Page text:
Listed author(s):
  • Sorokina Olga V.

    ()

    (PricewaterhouseCoopers)

While the large disparities in educational attainment by socioeconomic status in the United States point towards the importance of credit constraints, there is no consensus in the economic literature regarding their pervasiveness. To evaluate how subjective information can enhance our understanding of the role of credit constraints in education, I focus on NLSY79 respondents' assessments of financial obstacles to schooling. About 12 percent of young adults in the data expect to underinvest in education because of financial reasons or the need to work. Using this information in a regression model of educational attainment shows that it provides valuable behavioral insights, above and beyond standard measures of income and family background.


Volume (Year): 12 (2012)
Issue (Month): 1 (October)
Pages: 1-23

  2. Philippe Belley & Lance Lochner, 2007. "The Changing Role of Family Income and Ability in Determining Educational Achievement," Working Papers 2011-037, Human Capital and Economic Opportunity Working Group.
  3. Stephen V. Cameron & Christopher Taber, 2004. "Estimation of Educational Borrowing Constraints Using Returns to Schooling," Journal of Political Economy, University of Chicago Press, vol. 112(1), pages 132-182, February.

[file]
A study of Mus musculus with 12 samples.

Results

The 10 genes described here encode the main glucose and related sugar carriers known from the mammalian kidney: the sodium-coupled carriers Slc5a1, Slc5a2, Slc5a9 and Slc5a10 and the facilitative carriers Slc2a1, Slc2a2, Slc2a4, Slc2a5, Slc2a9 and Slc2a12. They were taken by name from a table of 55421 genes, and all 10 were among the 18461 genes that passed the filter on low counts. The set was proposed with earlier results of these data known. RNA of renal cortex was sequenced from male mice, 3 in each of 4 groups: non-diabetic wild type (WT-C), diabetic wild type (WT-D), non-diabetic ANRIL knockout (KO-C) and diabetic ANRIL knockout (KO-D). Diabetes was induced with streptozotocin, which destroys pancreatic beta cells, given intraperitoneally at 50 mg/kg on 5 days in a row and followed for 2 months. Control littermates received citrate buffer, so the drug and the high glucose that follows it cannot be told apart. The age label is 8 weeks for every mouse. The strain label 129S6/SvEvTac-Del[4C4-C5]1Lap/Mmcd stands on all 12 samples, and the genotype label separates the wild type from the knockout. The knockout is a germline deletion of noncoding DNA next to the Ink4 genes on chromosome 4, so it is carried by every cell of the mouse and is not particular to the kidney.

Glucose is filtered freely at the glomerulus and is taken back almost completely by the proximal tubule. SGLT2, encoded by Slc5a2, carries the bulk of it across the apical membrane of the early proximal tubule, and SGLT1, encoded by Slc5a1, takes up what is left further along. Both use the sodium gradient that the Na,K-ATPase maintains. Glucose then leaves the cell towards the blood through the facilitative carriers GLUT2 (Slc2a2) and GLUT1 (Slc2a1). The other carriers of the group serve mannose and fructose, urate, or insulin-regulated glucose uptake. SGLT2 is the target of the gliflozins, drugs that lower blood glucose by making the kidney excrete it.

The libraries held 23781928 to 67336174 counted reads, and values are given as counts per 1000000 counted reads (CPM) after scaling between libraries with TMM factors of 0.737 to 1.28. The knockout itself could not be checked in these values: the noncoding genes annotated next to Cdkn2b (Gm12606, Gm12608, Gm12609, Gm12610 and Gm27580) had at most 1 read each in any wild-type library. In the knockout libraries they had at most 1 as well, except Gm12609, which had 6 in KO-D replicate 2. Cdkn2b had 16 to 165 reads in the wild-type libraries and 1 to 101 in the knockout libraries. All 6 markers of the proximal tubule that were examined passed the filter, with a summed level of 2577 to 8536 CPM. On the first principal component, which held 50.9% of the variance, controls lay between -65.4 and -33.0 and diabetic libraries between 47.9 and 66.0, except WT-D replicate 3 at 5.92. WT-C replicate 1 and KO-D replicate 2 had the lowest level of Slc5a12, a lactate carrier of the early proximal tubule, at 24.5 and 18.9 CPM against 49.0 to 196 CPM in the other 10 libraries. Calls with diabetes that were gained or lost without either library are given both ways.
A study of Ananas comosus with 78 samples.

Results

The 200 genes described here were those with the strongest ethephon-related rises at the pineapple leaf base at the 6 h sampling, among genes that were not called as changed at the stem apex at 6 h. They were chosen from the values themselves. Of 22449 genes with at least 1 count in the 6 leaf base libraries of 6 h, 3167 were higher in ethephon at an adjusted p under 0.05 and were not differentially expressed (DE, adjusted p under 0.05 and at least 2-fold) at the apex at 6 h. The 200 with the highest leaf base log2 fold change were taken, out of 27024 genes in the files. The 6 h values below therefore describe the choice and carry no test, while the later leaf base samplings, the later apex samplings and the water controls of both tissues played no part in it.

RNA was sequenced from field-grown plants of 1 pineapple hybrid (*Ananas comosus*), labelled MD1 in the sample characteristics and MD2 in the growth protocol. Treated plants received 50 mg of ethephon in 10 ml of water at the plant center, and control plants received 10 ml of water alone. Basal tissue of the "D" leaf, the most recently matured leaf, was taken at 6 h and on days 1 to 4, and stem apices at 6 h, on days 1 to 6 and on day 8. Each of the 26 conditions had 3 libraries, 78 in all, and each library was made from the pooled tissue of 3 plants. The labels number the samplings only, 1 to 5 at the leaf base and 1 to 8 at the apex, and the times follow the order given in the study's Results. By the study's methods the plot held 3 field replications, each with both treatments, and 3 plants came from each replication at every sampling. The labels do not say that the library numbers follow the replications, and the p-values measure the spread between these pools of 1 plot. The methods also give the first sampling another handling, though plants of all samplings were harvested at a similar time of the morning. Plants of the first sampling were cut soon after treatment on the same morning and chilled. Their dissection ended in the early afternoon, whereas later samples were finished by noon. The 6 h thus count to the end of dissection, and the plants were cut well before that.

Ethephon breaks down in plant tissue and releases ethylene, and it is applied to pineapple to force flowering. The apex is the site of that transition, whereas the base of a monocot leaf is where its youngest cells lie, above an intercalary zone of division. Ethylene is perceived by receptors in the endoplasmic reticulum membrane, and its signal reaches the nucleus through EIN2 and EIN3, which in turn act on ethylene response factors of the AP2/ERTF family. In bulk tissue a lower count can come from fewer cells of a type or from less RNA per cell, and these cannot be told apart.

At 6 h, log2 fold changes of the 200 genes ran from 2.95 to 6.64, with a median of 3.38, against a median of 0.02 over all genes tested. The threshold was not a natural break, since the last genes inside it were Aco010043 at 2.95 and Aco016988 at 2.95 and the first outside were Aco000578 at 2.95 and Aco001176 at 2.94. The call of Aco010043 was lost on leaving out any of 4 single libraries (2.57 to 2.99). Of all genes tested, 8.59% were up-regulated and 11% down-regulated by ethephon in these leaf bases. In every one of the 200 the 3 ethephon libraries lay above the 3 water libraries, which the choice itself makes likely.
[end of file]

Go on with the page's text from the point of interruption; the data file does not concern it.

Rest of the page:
4. Card, David, 2001. "Estimating the Return to Schooling: Progress on Some Persistent Econometric Problems," Econometrica, Econometric Society, vol. 69(5), pages 1127-1160, September.
  5. Cecilia Elena Rouse, 2004. "Low-Income Students and College Attendance: An Exploration of Income Expectations-super-," Social Science Quarterly, Southwestern Social Science Association, vol. 85(5), pages 1299-1317.
  6. Averett, Susan L. & Burton, Mark L., 1996. "College attendance and the college wage premium: Differences by gender," Economics of Education Review, Elsevier, vol. 15(1), pages 37-49, February.
  7. Keane, Michael P & Wolpin, Kenneth I, 2001. "The Effect of Parental Transfers and Borrowing Constraints on Educational Attainment," International Economic Review, Department of Economics, University of Pennsylvania and Osaka University Institute of Social and Economic Research Association, vol. 42(4), pages 1051-1103, November.
  8. Kane, Thomas J, 1994. "College Entry by Blacks since 1970: The Role of College Costs, Family Background, and the Returns to Education," Journal of Political Economy, University of Chicago Press, vol. 102(5), pages 878-911, October.
  9. John R. Reynolds & Jennifer Pemberton, 2001. "Rising College Expectations among Youth in the United States: A Comparison of the 1979 and 1997 NLSY," Journal of Human Resources, University of Wisconsin Press, vol. 36(4), pages 703-726.